Desirée Branovici is one of 42 peer advisors who help spread the word about prevention and early detection of cancer in the Botkyrka area of Stockholm. This is quite a challenging community to reach out to due to widespread economic hardship and language and cultural barriers. Desirée’s own multicultural background and fluency in Swedish, Romanian, Italian, French and English are invaluable assets for this role. Here she explains why she gives up her time to do it.
Years ago, when I was living in Canada, I had a conversation with some friends about cancer. One of my friends said that, according to statistics, 1 in 3 women will develop some form of cancer in their lifetime. The three of us looked at each other and we could all see fear in each other’s eyes: it could be one of us.
What I saw on my friends faces haunted me. Soon after that conversation I promised myself that I will fight this fear with everything I have. At the time I did not have any special knowledge or support for my fight, so I began to read as much as I could about cancer, about health in general. I became aware of how important it is to be informed about cancer. Information helped me address the fear. I started talking to my friends about it, to my work colleagues, to anyone interested and willing to listen.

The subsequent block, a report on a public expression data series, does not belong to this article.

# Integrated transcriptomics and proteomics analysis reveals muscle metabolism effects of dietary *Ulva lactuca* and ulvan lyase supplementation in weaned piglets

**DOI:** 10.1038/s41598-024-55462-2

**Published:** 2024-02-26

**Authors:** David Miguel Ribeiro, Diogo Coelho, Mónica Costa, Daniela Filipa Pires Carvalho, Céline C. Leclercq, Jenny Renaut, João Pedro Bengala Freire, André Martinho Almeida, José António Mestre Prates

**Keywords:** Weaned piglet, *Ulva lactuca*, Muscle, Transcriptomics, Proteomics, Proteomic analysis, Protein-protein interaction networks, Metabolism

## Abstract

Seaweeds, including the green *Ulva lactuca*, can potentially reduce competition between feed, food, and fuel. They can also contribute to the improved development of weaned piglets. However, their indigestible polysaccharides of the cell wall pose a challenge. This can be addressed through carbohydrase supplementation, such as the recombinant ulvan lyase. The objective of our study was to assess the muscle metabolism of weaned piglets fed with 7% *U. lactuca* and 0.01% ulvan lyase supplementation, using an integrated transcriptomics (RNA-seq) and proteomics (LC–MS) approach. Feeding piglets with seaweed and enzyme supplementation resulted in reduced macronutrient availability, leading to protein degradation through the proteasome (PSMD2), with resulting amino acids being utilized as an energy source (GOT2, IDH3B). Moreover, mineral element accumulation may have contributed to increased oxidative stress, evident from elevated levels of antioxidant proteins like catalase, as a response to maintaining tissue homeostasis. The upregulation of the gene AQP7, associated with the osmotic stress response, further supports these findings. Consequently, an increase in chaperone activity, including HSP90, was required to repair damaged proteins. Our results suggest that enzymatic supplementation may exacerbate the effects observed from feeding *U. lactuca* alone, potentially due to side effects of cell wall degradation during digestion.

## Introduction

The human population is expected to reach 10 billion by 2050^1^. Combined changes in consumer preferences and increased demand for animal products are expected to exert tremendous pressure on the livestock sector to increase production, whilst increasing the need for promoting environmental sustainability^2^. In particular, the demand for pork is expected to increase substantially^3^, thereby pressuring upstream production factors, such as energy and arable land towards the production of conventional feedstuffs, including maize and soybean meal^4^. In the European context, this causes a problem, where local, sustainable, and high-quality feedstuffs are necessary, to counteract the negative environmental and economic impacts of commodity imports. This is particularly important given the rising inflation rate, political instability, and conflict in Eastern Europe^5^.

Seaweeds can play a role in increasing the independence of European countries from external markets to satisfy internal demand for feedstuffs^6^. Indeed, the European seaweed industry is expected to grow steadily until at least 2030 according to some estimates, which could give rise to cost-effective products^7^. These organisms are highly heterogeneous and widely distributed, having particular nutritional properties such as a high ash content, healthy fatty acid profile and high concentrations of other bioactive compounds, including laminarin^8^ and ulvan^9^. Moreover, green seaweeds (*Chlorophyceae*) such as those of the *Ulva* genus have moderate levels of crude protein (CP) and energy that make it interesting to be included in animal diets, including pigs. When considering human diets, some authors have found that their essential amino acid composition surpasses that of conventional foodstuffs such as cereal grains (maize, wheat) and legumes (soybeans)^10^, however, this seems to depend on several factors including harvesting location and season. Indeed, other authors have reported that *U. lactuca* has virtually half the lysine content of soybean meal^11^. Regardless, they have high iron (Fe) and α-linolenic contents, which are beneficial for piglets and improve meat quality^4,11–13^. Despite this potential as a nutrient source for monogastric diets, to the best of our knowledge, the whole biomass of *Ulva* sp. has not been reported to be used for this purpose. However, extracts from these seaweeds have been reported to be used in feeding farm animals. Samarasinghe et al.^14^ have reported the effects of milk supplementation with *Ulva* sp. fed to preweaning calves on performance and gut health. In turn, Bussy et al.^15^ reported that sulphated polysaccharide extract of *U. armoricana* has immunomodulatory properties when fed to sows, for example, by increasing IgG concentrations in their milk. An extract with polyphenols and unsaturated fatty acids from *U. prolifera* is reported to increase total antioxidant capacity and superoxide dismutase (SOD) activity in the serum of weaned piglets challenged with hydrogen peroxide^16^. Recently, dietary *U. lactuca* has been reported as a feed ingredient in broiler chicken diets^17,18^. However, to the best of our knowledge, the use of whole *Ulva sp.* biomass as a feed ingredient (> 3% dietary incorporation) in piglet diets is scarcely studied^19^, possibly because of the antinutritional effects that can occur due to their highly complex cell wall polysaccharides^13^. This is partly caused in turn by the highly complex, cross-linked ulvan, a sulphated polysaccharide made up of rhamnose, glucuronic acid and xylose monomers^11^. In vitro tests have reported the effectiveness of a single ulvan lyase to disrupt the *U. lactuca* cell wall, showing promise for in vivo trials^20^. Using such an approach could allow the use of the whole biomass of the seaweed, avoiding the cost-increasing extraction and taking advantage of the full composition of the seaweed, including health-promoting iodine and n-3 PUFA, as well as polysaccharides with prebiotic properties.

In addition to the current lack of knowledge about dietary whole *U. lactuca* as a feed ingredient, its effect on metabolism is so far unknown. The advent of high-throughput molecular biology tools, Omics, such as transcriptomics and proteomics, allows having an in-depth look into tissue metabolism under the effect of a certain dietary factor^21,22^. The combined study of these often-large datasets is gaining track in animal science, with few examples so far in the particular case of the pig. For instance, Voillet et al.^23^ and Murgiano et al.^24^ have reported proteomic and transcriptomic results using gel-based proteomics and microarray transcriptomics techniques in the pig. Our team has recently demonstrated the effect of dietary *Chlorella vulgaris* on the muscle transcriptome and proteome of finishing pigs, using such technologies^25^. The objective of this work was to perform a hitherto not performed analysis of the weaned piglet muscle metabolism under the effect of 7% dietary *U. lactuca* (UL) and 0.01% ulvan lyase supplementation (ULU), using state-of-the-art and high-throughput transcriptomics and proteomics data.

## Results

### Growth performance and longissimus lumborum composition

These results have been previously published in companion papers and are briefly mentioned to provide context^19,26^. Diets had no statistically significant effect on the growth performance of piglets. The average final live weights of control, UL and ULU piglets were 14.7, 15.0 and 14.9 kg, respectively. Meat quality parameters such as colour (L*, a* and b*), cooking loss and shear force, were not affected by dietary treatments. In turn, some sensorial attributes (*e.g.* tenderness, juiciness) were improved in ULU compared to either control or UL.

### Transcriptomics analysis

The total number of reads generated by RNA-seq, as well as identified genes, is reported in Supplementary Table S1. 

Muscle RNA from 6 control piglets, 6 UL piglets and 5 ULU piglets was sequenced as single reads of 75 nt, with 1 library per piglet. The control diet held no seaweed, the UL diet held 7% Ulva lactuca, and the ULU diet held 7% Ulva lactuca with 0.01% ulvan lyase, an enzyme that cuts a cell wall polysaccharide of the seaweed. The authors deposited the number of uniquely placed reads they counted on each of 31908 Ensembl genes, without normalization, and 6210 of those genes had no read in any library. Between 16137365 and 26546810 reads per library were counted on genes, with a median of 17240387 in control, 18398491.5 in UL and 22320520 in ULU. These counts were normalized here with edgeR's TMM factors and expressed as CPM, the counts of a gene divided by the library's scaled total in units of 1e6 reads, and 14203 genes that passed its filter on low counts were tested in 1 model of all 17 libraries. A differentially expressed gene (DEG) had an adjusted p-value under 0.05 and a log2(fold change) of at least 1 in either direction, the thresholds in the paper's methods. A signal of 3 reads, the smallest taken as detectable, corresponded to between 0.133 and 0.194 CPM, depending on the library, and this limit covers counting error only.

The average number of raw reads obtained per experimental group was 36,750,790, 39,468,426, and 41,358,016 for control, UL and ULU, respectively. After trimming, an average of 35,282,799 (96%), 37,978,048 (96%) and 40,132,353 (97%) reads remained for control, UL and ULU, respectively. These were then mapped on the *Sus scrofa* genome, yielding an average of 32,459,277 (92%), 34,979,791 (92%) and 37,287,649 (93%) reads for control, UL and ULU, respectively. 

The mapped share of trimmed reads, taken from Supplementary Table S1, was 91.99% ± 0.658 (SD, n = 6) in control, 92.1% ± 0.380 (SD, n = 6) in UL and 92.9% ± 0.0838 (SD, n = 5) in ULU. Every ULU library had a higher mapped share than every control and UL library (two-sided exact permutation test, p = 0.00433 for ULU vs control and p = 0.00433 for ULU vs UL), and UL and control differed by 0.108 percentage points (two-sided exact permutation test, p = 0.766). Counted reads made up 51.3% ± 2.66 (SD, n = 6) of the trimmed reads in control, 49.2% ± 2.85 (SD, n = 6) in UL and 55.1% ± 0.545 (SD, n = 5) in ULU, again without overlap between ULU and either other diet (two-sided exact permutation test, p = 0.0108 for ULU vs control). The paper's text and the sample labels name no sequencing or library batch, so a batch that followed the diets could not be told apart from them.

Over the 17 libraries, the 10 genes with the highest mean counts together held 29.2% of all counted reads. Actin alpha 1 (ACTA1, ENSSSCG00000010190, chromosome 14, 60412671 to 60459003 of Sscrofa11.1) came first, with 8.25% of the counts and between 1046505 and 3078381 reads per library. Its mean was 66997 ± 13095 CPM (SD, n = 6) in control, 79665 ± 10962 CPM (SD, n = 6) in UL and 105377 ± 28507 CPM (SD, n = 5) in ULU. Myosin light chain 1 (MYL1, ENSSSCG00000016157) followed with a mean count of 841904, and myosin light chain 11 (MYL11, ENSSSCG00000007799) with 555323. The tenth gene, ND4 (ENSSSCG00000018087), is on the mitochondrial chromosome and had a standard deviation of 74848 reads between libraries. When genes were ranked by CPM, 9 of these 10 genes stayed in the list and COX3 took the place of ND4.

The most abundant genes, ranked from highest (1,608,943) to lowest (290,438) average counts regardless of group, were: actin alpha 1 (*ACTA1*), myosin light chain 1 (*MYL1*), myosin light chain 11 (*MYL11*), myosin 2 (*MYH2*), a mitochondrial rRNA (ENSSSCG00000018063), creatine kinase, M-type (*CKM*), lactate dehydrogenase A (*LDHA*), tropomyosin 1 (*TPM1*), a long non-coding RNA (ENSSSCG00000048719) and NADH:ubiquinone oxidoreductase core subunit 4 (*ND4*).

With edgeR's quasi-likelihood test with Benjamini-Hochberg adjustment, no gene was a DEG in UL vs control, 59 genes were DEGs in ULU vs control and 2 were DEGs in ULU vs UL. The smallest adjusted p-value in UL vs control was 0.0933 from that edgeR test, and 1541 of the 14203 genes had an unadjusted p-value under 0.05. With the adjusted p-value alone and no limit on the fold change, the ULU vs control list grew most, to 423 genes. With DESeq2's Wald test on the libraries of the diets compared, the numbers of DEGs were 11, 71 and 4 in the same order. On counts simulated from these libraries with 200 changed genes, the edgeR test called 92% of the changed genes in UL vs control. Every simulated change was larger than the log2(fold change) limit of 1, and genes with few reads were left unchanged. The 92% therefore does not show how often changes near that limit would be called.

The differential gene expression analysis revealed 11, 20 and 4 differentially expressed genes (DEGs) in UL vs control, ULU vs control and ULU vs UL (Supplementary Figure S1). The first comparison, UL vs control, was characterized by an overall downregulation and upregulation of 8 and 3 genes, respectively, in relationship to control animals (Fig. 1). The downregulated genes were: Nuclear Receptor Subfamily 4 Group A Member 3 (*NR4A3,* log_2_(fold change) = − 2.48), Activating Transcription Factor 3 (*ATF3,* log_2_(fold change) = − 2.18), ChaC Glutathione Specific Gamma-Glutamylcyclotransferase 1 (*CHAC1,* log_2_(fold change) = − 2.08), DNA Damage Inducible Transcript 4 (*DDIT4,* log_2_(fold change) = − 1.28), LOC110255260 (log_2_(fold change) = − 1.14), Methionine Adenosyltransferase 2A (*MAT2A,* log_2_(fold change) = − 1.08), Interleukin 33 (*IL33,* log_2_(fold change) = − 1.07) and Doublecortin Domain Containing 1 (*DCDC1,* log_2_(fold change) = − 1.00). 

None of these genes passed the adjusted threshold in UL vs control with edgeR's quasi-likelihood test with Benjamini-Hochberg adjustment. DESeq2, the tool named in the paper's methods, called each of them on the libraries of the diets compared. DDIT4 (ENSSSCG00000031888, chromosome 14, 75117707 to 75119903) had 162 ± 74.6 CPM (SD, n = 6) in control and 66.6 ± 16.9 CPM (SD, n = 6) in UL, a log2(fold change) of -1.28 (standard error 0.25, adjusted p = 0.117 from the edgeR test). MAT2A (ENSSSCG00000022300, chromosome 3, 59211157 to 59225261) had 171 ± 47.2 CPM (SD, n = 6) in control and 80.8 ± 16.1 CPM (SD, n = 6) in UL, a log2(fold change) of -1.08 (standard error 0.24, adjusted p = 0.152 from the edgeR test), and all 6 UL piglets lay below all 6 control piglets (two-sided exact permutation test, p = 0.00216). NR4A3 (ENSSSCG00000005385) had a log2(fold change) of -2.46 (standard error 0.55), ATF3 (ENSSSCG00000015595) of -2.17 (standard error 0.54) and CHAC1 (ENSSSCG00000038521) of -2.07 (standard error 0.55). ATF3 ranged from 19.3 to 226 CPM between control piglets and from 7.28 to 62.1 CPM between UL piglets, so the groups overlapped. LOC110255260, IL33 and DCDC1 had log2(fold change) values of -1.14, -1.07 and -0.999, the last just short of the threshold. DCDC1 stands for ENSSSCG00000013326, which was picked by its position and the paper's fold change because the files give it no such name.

Years later I moved to Sweden. While studying SFI [Swedish for Immigrants], a cancer survivor and project leader, Arja Leppänen, came to our class. She told us about a new cancer awareness project that she was leading in the nearby Botkyrka area. We could help spread the word about what we can all do to reduce the risks of cancer.
I was excited to have support and guidance from our municipality (kommun) to educate myself and also to reach to other people and help them. Our training was very interesting. The professionals from the Regional Cancer Centre were extremely helpful and engaging. They were happy to answer any questions and ready to follow up on our suggestions. We were given tools such as flyers to reach out to the many different communities in most spoken languages, and also our own personal cards. Arja and all the other people involved were always ready to help us with anything we needed.
“Understanding how a specific culture deals with sickness is important”
Reaching out to people from so many different cultures is no easy task. Speaking different languages and mostly understanding how a specific culture deals with sickness is important. Some cultures are harder to reach out to than others, but I find that a casual approach to the issue always works. For example, talking about healthy food and lifestyle is a subject that anyone is willing to discuss. Who doesn’t want to be healthy and happy?
I also like to talk to people about exposing themselves to unnecessary chemicals. I always get people’s interest and commitment to be more aware of what they are putting in their bodies and to be pro-active about their health. I always try to make them aware that a body well taken care of will help you win any fight, whether you are fighting a flu, an addiction or cancer. If it happens to one of us that has to fight this battle then one of us will always be there to help you make it through.